SO WHO is responsible for the maid in a situation such as Mrs Ng's?

Since Sept 26, Miss Fitriyani has been under the supervision of the maid agency.

Yet, Mrs Ng is still paying for her daily expenses - $10 a day.

As of Oct 11, she paid the agency $160 for the 16 days that the maid was there. And Mrs Ng faces maintenance bills because Miss Fitriyani is still in Singapore.

In addition, if the maid runs away, the employer may forfeit the $5,000 security bond, depending on how much effort has been put in to locate the maid.


The employer and her daughter
confront the maid at the agency.

If the employer has an insurance policy to cover the bond, which Mrs Ng does, the amount the employer forfeits would be less. In Mrs Ng's case, she will lose only $250 if Miss Fitriyani runs away.


Mrs Ng said she is frustrated that the maid is still her responsibility even though she does not work for her any more.

Technically, the maid remains under Mrs Ng's employment during her stay here, said the maid's agent, Mr Ricki Kang Kok Hwa.

Mr Kang, 49, who runs Amorie Employment Services, is arranging for a maid to replace Miss Fitriyani.

Mrs Ng doesn't want to send Miss Fitriyani back to Indonesia.


Responding to queries from The New Paper, the police would only confirm that a report had been lodged against Miss Fitriyani and investigations are ongoing.

A spokesman for the Ministry of Manpower (MOM) said Miss Fitriyani's work permit was cancelled and a Special Pass was issued on Wednesday.

The MOM spokesman added that in general, foreign workers who are required to assist with investigations into offences are issued with a Special Pass for as long as their presence is required.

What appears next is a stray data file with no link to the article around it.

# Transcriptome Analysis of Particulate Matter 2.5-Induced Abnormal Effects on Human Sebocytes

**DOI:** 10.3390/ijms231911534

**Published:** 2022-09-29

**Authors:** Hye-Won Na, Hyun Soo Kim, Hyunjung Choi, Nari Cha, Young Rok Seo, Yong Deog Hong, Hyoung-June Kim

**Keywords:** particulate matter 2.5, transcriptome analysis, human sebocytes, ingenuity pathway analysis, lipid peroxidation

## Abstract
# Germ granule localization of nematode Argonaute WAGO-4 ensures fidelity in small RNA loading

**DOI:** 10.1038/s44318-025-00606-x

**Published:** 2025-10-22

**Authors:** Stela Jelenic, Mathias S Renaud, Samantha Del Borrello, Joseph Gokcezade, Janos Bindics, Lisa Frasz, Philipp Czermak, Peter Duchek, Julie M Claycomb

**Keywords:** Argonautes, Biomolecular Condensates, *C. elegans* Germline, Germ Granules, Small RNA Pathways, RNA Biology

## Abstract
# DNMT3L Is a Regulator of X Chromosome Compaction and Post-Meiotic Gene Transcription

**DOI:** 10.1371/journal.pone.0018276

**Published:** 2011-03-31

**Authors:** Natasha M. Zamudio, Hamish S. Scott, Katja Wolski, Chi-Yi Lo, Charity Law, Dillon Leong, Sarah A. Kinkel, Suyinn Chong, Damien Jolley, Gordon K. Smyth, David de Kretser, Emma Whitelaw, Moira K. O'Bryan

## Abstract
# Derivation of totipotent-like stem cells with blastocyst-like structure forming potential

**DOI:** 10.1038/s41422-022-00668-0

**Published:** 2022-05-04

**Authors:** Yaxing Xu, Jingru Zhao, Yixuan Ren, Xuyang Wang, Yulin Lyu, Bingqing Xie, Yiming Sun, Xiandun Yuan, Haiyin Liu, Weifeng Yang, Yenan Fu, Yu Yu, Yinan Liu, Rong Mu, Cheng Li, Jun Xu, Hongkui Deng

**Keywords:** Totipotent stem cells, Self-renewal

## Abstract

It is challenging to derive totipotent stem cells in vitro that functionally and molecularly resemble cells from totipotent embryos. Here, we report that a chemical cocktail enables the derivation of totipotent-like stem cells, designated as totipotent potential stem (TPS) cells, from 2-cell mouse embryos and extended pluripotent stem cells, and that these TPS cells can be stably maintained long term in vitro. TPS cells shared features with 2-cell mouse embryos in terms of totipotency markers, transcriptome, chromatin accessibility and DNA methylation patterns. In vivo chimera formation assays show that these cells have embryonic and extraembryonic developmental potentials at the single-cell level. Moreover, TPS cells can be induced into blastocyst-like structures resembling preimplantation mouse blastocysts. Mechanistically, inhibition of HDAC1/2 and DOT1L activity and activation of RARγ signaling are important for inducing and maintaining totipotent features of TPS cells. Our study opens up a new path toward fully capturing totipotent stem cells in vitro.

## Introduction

But even after cancellation of the work permit, an employer is still responsible for and has to bear the cost of the worker's upkeep and maintenance until she is repatriated.

For cases such as Mrs Ng's, if the worker goes missing during investigation, MOM will decide, on a case-by-case basis, the appropriate amount of security bond to be forfeited.


Such an arrangement doesn't pacify Mrs Ng, who feels that it does not protect the employer's welfare.

"My family and I are the victims. Why do I need to pay for the food of the (alleged) offender?" said Mrs Ng.

Is there a better way to manage cases like this?

Unfortunately, no, said Mr Edmund Pooh, in his 20s, the manager of Universal Employment Agency.

He said he understood Mrs Ng's rationale for keeping the maid here. But she will have to continue supporting

the maid because she is still the employer's responsibility.

After all, he added, "the maid is innocent until proven guilty in the eyes of the law".

This article was first published in The New Paper.